The Tax Cuts and Jobs Act (TCJA) that was signed into law in the closing days of 2017, contains a number of tax breaks. The majority of middle class taxpayers will receive a significant tax cut as a result of the law, though a few readers may find themselves with little or no tax break.
Tax Benefits for Independent Doctors
Independent doctors get a nice break thanks to a provision that got little notice in the mainstream financial press: If you are an owner of certain kinds of pass-through entities (e.g., S-corporations, partnerships you may be eligible for a new deduction of up to 20 percent on taxable income from your business.
I say “may,” because there are a few limitations for owners of professional services business: The benefit begins to phase out if your income is $157,000 or more ($315,000 for married couples). It phases out completely when your income reaches $207,500 for single filers, or $415,000 per year for married couples filing jointly.
Note that the deduction doesn’t apply to the income that you draw as a salary. The deduction applies to dividends, rather than salary.
However, for the salary portion of your income, you’re also getting the benefit of a near doubling of the standard deduction, and a reduction in the marginal tax rates to which your income above the standard deduction is subject.
You lose the benefit of personal exemptions, however. This means that exemptions for children go away. But the child tax credit (credits are more valuable than deductions) doubles from $1,000 to $2,000, so it will be roughly a wash for most readers with children.
Changes in Homeownership and Mortgages
Lots of doctors put a lot of money into their homes. The home mortgage interest deduction remains intact for existing mortgages. Going forward, though, the new law reduces the cap on mortgage balances qualifying for the deduction from $1 million to $750,000. Home equity loans will no longer be deductible. You will still get a capital gains exemption of $250,000 ($500,000 for married couples) for your personal residence when you sell it, though. Just be sure you’ve lived in the home for at least two out of the last five years in order to qualify. Otherwise you’ll have to pay capital gains taxes on the entire amount of gain over basis.
Interest on investment property mortgages remains deductible.
This Business Insider piece took a look at the effect of personal income tax cuts at a variety of income levels typical of physicians, and assuming single filers with no children. They found that pediatricians who have an average salary of $184,240 per year would probably receive a tax cut of about 11.5 percent. Anesthesiologists, however, who earn an average salary of about $269,600, would receive a more modest tax cut of about 4.4 percent, using Business Insider’s methodology.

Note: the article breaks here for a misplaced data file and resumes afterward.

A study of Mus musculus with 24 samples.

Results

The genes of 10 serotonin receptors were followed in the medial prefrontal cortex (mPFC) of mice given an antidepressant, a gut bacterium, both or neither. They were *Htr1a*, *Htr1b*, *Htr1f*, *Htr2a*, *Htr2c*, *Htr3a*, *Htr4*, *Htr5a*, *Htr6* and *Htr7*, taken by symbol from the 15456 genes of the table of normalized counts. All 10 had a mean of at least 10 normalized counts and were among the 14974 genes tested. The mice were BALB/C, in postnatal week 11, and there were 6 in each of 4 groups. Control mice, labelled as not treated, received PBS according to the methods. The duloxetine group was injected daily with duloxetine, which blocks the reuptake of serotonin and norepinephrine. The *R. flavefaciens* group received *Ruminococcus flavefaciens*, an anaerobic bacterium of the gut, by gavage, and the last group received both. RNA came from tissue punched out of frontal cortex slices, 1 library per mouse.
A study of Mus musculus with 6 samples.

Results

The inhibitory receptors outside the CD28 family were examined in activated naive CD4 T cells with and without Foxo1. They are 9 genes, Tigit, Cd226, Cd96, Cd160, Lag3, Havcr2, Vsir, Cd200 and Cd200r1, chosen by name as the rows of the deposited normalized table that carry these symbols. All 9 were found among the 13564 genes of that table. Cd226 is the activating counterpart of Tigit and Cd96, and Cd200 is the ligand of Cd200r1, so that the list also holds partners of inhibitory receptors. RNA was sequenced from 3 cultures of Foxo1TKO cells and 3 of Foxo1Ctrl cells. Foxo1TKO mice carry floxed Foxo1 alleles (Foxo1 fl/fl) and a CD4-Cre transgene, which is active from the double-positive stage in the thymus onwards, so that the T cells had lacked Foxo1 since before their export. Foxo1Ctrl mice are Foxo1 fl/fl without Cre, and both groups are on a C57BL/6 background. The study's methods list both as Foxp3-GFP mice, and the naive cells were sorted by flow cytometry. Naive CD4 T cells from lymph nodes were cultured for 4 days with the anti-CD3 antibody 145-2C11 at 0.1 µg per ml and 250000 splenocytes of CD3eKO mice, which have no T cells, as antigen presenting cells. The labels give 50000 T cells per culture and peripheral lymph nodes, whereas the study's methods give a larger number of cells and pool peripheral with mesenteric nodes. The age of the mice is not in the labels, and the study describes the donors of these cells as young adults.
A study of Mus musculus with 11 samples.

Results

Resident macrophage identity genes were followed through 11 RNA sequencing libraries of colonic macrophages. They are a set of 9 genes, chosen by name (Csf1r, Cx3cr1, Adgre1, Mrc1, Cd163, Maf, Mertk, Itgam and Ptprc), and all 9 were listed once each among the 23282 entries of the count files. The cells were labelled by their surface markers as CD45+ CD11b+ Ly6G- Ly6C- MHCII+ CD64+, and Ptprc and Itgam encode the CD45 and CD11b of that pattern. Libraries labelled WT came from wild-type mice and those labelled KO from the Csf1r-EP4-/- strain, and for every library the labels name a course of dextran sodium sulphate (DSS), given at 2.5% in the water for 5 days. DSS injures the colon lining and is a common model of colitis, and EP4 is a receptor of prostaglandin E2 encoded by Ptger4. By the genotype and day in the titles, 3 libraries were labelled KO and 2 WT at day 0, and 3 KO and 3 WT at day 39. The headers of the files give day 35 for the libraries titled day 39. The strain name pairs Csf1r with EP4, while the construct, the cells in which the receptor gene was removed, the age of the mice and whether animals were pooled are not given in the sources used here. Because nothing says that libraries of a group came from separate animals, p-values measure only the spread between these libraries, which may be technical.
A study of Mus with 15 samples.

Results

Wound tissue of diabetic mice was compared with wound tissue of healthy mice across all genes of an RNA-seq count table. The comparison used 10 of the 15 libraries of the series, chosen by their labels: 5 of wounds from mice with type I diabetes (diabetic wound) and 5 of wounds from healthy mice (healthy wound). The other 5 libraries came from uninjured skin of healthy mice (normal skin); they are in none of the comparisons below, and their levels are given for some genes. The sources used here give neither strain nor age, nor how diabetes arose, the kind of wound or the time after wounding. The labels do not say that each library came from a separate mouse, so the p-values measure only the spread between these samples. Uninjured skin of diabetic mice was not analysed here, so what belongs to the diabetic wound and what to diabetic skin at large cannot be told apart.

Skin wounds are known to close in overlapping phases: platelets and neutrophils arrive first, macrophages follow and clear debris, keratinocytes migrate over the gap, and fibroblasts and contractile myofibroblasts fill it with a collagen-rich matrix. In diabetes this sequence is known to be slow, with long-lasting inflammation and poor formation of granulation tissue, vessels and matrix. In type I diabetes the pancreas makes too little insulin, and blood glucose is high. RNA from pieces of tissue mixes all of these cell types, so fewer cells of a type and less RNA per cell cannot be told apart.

Section 179 limits are increased from $500,000 to $5 million and increases the phase-out threshold from $2 million to $20 million. The new law allows you to take a full write-off for short-lived capital investments in equipment and machinery. Speak with your tax professional for more details on how to take advantage of these rules – especially if you are contemplating making major capital investments in 2018 or 2019. Prior rules required you to depreciate this equipment over a longer period of time. The new rules may help you recover your investment faster, and boost your practice’s cash flow.
Education and Estate Tax Reforms
Section 529 college savings plan benefits are expanded. You can now use Section 529 to pay for K-12 education and even homeschooling expenses. Previously, you could only use Section 529 to pay for post-secondary expenses.
The estate tax exemption is increased to $10 million and ties that exemption to inflation going forward.
Tax Cuts and Jobs Act Impact and Fiscal Considerations
A few readers may see their income taxes increase as a result of the tax law. You are more likely to pay more in income tax if all or most of these conditions apply to you:
- You plan to buy a home significantly more than $750,000.
- You have a large number of children.
- Your income is very high.
- You live in a high-tax jurisdiction and pay a lot in state and local income taxes.
Other effects of the tax bill that may affect our readers include:
A $10,000 limit on federal deductions for state and local taxes (SALT).
The corporate tax rate is reduced from 35 to 20 percent.
Most consumers will benefit from the tax cuts in the short run. But unless Congress can reign in spending to account for lower expected revenues, the law is expected to cost the Treasury $1.5 trillion in foregone revenues.
Sure, those foregone revenues translate into more money in the hands of Americans who earned it. But Congress will still need to do some belt-tightening (fat chance) or the cost of the bill is collectivized among all taxpayers, with interest, over time.